Morsi declares martial law in parts of Egypt after days of clashes
President Mohammed Morsi declared a state of emergency after deadly clashes at the weekend.
During a speech broadcast on state television, the under-fire Morsi has also said a curfew will be imposed in the three cities from 9 pm to 6 am during the duration of the emergency state in an attempt to curb increasing violence.
The Islamist president's decisions take effect from Monday.
"I always said I'm against any exceptional measures, but I also said I might resort to such measures if I had to. I may even do more for the sake of Egypt, it's my duty," a glum-looking Morsi added.
Morsi was criticised by his opponents for what they perceived as his poor reaction to nationwide clashes that left dozens dead, including more than 30 in restive city Port Said.
Anger boiled in the coastal city over a court verdict that sentenced 21 football fans to death after they were convicted of killing the supporters of Cairo-based club Ahly in last year's infamous disaster in Port Said.
Clashes are still ongoing in Port Said, with angry protesters and police forces reportedly firing gunshots at each other. Army was deployed in Port Said and Suez, another city which is a scene of constant confrontations, but it has so far failed to contain the growing violence.
"I instructed interior ministry officials to strictly deal with whoever threatens the people, public and private institutions. Everybody should be aware that Egypt's institutions are capable of defending the country against any threats," Morsi added.
Morsi, who hails from the Muslim Brotherhood, also saluted the army and police for "their efforts to protect the country".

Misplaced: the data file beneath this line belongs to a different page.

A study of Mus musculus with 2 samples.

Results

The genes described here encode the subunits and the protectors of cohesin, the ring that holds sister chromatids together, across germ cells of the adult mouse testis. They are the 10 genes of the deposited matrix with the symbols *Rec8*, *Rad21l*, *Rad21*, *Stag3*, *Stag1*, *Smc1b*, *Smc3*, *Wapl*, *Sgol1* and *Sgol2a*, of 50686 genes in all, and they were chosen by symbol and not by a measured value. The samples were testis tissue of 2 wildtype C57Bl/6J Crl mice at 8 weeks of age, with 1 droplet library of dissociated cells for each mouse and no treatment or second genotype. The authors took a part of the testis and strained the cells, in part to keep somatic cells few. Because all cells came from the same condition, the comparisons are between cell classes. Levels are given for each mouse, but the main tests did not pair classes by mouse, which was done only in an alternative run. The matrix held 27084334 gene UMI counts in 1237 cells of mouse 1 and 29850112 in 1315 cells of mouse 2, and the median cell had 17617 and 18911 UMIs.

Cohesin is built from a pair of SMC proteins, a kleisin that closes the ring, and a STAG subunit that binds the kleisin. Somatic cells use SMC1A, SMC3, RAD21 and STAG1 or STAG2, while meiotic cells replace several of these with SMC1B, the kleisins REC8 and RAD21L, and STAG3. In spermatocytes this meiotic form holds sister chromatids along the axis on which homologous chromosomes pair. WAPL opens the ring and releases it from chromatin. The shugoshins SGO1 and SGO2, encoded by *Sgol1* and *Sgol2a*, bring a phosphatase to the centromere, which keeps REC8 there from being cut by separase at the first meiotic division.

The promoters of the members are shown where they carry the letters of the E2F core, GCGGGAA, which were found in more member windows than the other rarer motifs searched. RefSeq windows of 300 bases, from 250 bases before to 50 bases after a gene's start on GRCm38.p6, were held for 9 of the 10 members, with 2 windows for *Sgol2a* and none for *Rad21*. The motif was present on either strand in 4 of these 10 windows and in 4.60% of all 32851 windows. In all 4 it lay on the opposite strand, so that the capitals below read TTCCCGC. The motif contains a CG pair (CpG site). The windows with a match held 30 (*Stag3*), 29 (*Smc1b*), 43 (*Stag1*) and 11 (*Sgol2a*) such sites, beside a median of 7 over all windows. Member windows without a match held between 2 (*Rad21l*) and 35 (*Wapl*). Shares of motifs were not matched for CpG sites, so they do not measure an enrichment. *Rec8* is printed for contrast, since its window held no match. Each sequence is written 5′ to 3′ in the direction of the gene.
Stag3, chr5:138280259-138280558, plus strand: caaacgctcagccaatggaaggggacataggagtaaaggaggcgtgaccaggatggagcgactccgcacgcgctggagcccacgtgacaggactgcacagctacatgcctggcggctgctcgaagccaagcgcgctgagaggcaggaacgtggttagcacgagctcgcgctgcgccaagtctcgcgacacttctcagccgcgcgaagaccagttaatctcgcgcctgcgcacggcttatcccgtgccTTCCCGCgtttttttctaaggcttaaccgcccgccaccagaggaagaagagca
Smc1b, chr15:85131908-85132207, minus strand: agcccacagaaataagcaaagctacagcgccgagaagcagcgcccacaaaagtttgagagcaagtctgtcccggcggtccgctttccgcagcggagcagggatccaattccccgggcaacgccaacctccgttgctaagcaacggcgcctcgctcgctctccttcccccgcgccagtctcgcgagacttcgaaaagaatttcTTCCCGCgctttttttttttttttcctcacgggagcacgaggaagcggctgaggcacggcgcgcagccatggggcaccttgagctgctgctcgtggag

"The recent acts have nothing to do with the revolution, they are against the law and incited by counter revolution. The Egyptian people reject such actions, which are condemned by honorable revolutionaries," he said.
Morsi has also reiterated calls for national dialogue, which he described as necessary to overcome the ongoing turmoil that has plunged Egypt into deep economic and political crises.
"We have no option but to engage in a dialogue, this is the only way to pass the current phase and achieve stability," he stated.
"I decided to invite the political figures for a national dialogue tomorrow."
The National Salvation front, Egypt's main opposition, listed five demands that included forming a new government and amending the "distorted constitution", which was approved by around 64 per cent of Egyptian voters in a national referendum last month.
Opposition says the new constitution does not fulfill the goals of the revolution because it "disregards" the rights of women and the minorities, including Christians who make up about 10% of Egypt's population.
Morsi supporters believe the new constitution puts Egypt on the right path to democracy.
The Brotherhood, oppressed for decades by military strongmen, propelled Morsi into power in Egypt's first free elections last year.